After six seasons of competition and nearly 100 race wins, Lamborghini Squadra Corse recently celebrated the production of its 400th Huracán race car.
To celebrate the occasion, the Italian automaker staged a special event at its factory, which was attended by various Lamborghini executives such as President and CEO of Automobili Lamborghini, Stephan Winkelman. Unlike many automakers, Lamborghini produces road and racing vehicles from its headquarters located in Sant’Agata Bolognese, Italy – the same factory used since the brand’s inception in 1963.
Gallery: Lamborghini Celebrates Production of 400th Huracán Racing Car
“We are proud of this milestone, which is important not only for Squadra Corse but for the whole company,” said Winkelman. “In a few years, Squadra Corse has established itself in the most important international competitions and the Huracán GT3 and Super Trofeo are an undisputed point of reference in the Gran Turismo category.”
The Huracán ST’s tenure began in 2014, replacing the Gallardo as the Italian automaker’s challenger in the worldwide one-make series; compared to the GT3 car, the ST develops slightly less power and downforce. The Huracán GT3 saw its debut in 2015, which marked the brand’s official entry into GT racing.
Rather unsurprisingly, it didn’t take long for the race car to produce success in some of the biggest races around the world. After just six seasons, the Italian supercar – which received an Evo package in 2019 – has 100 victories to its name. To offer some perspective, those 100 wins include three consecutive victories at the 24 Hours of Daytona, two victories at the 12 Hours of Sebring, and the triple crown of the GT World Challenge (winning the Sprint, Endurance, and Overall titles).
With this level of success in such a short amount of time, there’s no telling what the Huracán GT3 will achieve in the coming years. Entering the 2021 season with one of its strongest factory driver lineups – Jordan Pepper, Andrea Caldarelli, Giovanni Venturini, and Corey Lewis – we’d wager that the success at the race track will continue.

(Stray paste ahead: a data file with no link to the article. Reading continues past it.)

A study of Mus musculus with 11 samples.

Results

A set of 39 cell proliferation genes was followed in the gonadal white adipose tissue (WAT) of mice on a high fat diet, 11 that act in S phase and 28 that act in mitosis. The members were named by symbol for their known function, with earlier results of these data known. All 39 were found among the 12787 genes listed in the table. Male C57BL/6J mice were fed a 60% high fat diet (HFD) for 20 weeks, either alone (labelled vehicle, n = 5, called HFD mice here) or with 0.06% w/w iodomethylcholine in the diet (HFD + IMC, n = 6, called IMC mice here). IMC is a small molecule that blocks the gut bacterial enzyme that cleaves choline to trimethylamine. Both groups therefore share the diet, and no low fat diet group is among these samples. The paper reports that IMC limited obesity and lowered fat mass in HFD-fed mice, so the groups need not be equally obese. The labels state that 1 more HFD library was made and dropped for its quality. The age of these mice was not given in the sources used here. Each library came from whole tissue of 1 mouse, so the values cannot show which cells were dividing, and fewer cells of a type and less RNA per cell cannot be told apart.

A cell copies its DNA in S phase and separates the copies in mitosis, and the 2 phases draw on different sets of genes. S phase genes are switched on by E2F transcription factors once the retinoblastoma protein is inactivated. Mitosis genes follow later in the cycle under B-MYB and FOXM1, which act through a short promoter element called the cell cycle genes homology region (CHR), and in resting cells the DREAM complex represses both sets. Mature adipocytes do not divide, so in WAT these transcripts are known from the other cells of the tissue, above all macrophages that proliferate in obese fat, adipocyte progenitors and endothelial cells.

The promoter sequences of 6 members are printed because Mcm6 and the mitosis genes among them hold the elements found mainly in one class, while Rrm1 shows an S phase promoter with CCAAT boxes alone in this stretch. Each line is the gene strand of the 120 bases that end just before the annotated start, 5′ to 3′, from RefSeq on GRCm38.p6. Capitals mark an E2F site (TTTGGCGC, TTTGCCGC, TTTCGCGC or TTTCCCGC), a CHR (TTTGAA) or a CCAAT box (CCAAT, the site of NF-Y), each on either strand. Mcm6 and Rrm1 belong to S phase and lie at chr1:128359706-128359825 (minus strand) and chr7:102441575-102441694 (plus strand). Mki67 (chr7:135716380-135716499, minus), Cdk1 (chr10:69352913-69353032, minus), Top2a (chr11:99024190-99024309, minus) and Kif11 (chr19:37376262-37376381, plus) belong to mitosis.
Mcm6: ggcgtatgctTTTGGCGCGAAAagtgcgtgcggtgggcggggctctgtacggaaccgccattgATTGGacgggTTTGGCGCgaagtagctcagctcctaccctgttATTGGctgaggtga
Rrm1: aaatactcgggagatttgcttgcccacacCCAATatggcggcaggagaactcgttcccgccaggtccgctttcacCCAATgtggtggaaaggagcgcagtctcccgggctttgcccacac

Since 2014, 400 Huracán Super Trofeo and GT3s have been produced on the same line as the road cars in Sant’Agata Bolognese
In just six seasons, the Huracán GT3 has won nearly 100 races in the most prestigious GT championships in the world
Sant'Agata Bolognese, 6 April 2021 – Lamborghini is celebrating the production of its 400th Huracán model from its headquarters in Sant’Agata Bolognese, where all Lamborghinis, both road and racing, have been produced since 1963. This milestone was recognised at a special event, which was attended by Stephan Winkelmann (President and CEO of Automobili Lamborghini), Maurizio Reggiani (Chief Technical Officer), Ranieri Niccoli (Chief Manufacturing Officer) and Giorgio Sanna (Head of Motorsport). They were joined by the various technicians who build both the Huracán Super Trofeo Evo and GT3 Evo every day.
Commenting on the 400th Huracán, Winkelmann said: "We are proud of the milestone, which is important not only for Squadra Corse but for the whole company. In a few years Squadra Corse has established itself in the most important international competitions and the Huracán GT3 and Super Trofeo are an undisputed point of reference in the Gran Turismo category.”
The first Huracán Super Trofeo was presented in 2014, replacing the Gallardo as the car of choice in Lamborghini’s single-make championship in North America, Europe, Asia and the Middle East. The following year, the Huracán GT3 made its debut, marking Lamborghini’s official entry into GT racing.
Over the next six seasons, the Huracán GT3, and its successor the GT3 Evo, have won nearly 100 races, including the prestigious Daytona 24 Hours a record three consecutive times. The GT3 Evo has also won the coveted Sebring 12 Hours twice as well as the “triple crown” of the GT World Challenge Europe in 2019. In 2020 alone, the Huracán GT3 Evos were represented by 24 different teams, in 15 national and international championships and covered a total of 20,000km across 88 different drivers.